Jin, Cheng, Nan, Zhongren, Wang, Houcheng, Jin, Pen
Journal of soils and sediments 2017 v.17 no.12 pp. 2797-2809
Vicia faba, agricultural soils, alkaline soils, application rate, atomic absorption spectrometry, bioavailability, biomass, cadmium, composts, copper, faba beans, food plants, heavy metals, leaves, loess, organic matter, plant development, plant growth, plant height, roots, sludge, soil amendments, soil pH, soil sampling, sowing, stems, topsoil, zinc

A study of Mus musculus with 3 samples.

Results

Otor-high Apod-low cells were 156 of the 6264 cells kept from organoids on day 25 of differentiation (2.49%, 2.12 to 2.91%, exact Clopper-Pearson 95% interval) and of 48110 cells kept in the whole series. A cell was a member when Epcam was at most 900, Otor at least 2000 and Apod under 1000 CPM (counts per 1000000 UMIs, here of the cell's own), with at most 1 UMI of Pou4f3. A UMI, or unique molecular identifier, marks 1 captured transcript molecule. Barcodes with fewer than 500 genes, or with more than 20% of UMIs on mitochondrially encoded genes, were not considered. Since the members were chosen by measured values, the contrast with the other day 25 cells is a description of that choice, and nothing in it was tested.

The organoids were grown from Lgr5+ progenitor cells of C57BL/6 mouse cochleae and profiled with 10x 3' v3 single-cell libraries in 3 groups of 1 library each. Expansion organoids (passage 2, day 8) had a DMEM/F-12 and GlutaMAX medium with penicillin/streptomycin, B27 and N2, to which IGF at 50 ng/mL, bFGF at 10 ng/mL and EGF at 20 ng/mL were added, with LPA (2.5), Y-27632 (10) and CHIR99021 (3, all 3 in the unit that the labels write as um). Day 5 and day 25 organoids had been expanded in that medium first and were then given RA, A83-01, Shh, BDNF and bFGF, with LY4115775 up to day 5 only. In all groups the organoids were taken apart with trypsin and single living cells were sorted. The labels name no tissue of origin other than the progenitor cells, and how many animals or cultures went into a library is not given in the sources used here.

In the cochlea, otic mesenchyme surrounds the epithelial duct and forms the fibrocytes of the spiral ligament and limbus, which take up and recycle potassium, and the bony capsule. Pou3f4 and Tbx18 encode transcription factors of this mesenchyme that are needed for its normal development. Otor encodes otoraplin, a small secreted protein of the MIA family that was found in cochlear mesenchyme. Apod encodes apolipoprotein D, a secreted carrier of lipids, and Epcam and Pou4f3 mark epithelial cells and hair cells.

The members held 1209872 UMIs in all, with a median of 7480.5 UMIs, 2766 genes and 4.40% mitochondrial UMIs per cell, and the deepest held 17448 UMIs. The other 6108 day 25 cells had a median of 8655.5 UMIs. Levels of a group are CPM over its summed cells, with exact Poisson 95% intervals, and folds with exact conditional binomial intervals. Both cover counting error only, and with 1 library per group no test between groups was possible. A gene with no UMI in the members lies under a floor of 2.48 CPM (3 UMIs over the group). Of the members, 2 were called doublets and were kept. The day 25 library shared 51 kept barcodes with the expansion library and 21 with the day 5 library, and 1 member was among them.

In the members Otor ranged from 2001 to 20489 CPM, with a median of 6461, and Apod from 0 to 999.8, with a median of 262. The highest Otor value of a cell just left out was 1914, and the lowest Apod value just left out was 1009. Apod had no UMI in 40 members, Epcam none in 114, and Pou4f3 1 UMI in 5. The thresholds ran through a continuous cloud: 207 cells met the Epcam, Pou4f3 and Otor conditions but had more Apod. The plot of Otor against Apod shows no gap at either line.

PURPOSE: The effects of municipal sludge compost (MSC) as a soil amendment are often studied in agricultural soil or topsoil contaminated with heavy metals. However, little is known about the effects of MSC amendments on plant growth and heavy metal bioavailability in subsoil. This study was conducted to investigate the effects of MSC application on plant growth and the mobility and bioavailability of Cd, Cu, and Zn in an amended soil-plant system. MATERIALS AND METHODS: A pot experiment was performed to evaluate the translocation of heavy metals to broad bean (Vicia faba L.) grown in loess subsoil previously amended with different application rates of MSC. The subsoil and MSC were homogeneously mixed to achieve six soil-amended treatments (total weight of 8 kg in each pot) in 0, 0.5, 2, 6, 15, and 30% mass ratios (MSC/total). Soil samples amended with MSC were aged for 60 days before sowing. Soil and plant samples were collected after 120 days of growth. Plant height was periodically measured until harvest. The total quantities of heavy metals and their different fractions were analyzed by using graphite furnace atomic absorption spectroscopy (GF-AAS). RESULTS AND DISCUSSION: Compared with the control soil (0% treatment), the average biomass growth rates from the 0.5 to 30% treatments ranged from 14.5 to 170.4% (increasing order), respectively. Cd (0.42–1.85 mg kg⁻¹) and Cu (14.95–23.01 mg kg⁻¹) mainly concentrated in the plant roots, and Zn (22.06–36.48 mg kg⁻¹) mainly concentrated in the plant stems and leaves. Fortunately, the metal concentrations in the edible plant parts (0.03–0.1 mg kg⁻¹) remained below the Chinese national standard thresholds (0.2 mg kg⁻¹), possibly because of the alkaline soil pH (8.60–7.74), organic matter (7.4–65.9 g kg⁻¹) bound to metals, and translocation of less metal to the edible plant parts by biochemical modulation. CONCLUSIONS: MSC can enhance subsoil fertility and promote plant development, especially in the 30% treatment. The mobility and bioavailability of heavy metals suggest that Cd is the element needing to be monitored during MSC application. High organic matter content and alkaline pH are the most important factors for controlling Cd levels. More work is required to determine the long-term impacts of sludge amendment on the soil and environment.